CENTENARY — Gallia Academy High School hosted members of the John Gee Black Historical Center Wednesday to learn about local history and the desegregation of Gallia Academy.
“We tend to look at Black History Month and talk about key figures like Frederick Douglas and Martin Luther King Jr., but what we don’t always look at is the impact people had on our lives locally, where we grow up,” said Principal Josh Donley.
Members of the Gee Center spoke on the court case and surrounding events of 1918 between Robert Mitchell and the Gallipolis Board of Education that led to the desegregation of Gallia Academy.
In 1918, students of color attended the Lincoln Colored School on Third Avenue, and the building was in disrepair. Mitchell’s daughter attended the school. In the Spring of 1917, a state of Ohio building inspected condemned the facility as unsafe and in need of significant repair.
The board of education at the time justified their neglect of the building by allocating resources to the war effort at the time, although Gallia Academy had recently been rebuilt. In May of 1918, members of the community submitted a petition to the board of education asking for one of two things; to supply a first class facility for Lincoln High School or allow the students to attend Gallia Academy.
The petition sat without action until September of 1918 when Mitchell brought a lawsuit against the board, who was found guilty of operating and maintaining a separate school for colored students by the Gallia County Court of Common Pleas, and students of color began attended Gallia Academy that year.
“I think it’s important for us to note that during the Jim Crow Era, there were things such as the inability to go into a restaurant and sit down and order what you want. Right here in Gallipolis Ohio you weren’t allowed to go to the swimming pool with the other children. There was one day a week you could go to the skating rink. You didn’t get to do a lot of things that we take for granted now,” said Robert Gorden, Gee member and a descendant of Mitchell. “You think an African American could walk downtown and get a job anywhere they had applied and wanted? They had to take the jobs no one else would take, that were very subservient in their capacity. They worked hard, they earned money, and were able to take care of their families, but they didnt have the luxuries that some did here in town. Many of the families who worked in the homes raised the children of many of the individuals who had opportunities their own children would never have.”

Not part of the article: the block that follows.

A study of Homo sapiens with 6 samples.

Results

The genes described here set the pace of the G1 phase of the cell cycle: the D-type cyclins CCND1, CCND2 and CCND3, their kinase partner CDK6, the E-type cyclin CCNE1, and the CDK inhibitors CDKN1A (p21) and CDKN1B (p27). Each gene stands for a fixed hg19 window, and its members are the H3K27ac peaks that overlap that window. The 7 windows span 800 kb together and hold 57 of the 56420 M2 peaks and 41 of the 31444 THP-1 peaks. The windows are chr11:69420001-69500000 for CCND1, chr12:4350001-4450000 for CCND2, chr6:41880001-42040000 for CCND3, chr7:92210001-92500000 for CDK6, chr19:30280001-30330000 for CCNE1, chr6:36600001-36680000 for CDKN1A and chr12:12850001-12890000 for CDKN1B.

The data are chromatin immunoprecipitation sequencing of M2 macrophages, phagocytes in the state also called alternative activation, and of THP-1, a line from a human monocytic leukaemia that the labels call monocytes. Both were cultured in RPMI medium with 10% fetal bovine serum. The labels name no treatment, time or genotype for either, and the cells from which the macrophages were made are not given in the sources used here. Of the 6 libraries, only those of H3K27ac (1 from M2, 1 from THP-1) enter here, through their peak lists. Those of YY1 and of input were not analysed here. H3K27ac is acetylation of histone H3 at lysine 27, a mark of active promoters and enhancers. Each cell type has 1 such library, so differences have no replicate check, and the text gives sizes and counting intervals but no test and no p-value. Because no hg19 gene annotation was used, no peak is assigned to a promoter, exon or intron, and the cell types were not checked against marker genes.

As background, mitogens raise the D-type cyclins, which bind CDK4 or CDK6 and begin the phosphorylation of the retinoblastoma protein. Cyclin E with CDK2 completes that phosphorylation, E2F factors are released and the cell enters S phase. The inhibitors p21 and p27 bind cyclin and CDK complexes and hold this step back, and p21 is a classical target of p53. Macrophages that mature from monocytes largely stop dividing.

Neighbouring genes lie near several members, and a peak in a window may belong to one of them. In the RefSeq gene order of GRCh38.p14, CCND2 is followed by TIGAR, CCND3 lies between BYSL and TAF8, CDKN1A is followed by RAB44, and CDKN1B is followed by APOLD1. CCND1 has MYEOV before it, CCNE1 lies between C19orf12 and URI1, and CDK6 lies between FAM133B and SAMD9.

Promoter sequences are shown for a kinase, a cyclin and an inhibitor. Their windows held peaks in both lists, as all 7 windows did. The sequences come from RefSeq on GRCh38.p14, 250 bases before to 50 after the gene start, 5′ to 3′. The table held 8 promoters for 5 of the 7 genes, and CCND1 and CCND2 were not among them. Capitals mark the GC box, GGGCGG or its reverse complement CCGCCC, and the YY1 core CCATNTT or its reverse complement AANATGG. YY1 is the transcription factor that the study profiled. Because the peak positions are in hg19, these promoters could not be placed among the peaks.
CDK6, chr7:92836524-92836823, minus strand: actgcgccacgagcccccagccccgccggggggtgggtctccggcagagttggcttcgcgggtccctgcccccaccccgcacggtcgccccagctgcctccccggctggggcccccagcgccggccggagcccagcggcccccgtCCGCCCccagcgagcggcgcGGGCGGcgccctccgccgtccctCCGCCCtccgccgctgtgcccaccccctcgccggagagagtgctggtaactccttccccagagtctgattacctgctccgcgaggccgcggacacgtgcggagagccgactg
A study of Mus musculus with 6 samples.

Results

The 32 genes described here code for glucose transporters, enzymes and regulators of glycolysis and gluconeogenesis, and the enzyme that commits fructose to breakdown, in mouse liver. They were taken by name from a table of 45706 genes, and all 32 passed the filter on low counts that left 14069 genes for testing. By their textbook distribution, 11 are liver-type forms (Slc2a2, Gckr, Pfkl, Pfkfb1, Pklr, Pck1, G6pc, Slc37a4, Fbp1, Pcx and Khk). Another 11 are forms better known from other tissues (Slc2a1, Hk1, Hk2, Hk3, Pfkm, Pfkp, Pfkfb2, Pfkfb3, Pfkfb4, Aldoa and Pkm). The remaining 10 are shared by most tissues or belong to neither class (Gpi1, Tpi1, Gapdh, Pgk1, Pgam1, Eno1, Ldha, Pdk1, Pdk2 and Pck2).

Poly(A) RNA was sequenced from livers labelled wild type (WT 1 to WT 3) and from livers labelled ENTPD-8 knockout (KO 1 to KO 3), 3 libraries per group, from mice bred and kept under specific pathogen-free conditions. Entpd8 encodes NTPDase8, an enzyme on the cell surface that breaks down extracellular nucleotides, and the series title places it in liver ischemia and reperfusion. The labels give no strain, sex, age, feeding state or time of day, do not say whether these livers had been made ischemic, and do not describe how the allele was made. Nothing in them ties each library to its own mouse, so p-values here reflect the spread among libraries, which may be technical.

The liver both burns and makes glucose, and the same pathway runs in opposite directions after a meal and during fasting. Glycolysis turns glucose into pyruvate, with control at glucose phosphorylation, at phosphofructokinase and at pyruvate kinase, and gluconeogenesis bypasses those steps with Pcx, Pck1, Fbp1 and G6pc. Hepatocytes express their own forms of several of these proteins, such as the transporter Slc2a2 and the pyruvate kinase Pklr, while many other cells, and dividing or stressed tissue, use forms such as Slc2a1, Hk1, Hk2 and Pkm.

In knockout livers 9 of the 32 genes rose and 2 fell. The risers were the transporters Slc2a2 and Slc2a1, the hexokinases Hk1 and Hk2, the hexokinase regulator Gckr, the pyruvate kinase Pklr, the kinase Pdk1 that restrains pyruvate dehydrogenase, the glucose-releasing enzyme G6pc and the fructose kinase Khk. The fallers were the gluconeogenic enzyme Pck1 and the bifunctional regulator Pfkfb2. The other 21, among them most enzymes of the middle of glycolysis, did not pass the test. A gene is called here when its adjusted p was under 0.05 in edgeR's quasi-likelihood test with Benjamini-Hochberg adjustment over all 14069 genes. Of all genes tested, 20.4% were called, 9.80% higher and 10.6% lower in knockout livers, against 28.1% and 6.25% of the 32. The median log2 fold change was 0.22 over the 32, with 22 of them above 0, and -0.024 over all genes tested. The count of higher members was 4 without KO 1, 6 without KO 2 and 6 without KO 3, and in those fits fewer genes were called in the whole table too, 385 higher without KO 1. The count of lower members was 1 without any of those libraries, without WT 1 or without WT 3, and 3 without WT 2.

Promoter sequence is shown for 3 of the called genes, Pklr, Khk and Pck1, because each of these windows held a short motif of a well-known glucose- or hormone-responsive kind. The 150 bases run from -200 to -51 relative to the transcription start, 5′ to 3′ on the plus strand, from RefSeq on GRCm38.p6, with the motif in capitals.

Gordon talked about the contemporary implications of the events of 1918.
“The individuals that you see here on stage have all had good jobs and represent themselves well, and that is because of opportunities from people like Mr. Mitchell, who stood up and said we deserve an opportunity, we deserve a chance,” said Gordon. “The reason we take our time and come out and speak to young people like you and that we have the John Gee Black Historical Center is so that you can come and learn about the past and you can protect yourselves in the future and the lives of those you care about.”
These speakers also visited Gallia Academy Middle School to share with them the importance of local history and desegregation. Gordon and Donley both emphasized the need to remember the past so as to not repeat those mistakes.
“We don’t think about it on a daily basis because someone has given or sacrificed or fought to give us what we have today. We walk into this building everyday and we assume everyone else has that right. Around the world they do not, and years ago they did not. It’s important that we understand that there was a struggle and there is a struggle, and it happens in local communities,” said Donley. “For every Rosa Parks, there are local people who fought that battle. We have people who were heroic in their own efforts that we take for granted and we don’t think about it.”
Reach Morgan McKinniss at 740-446-2342 ext 2108.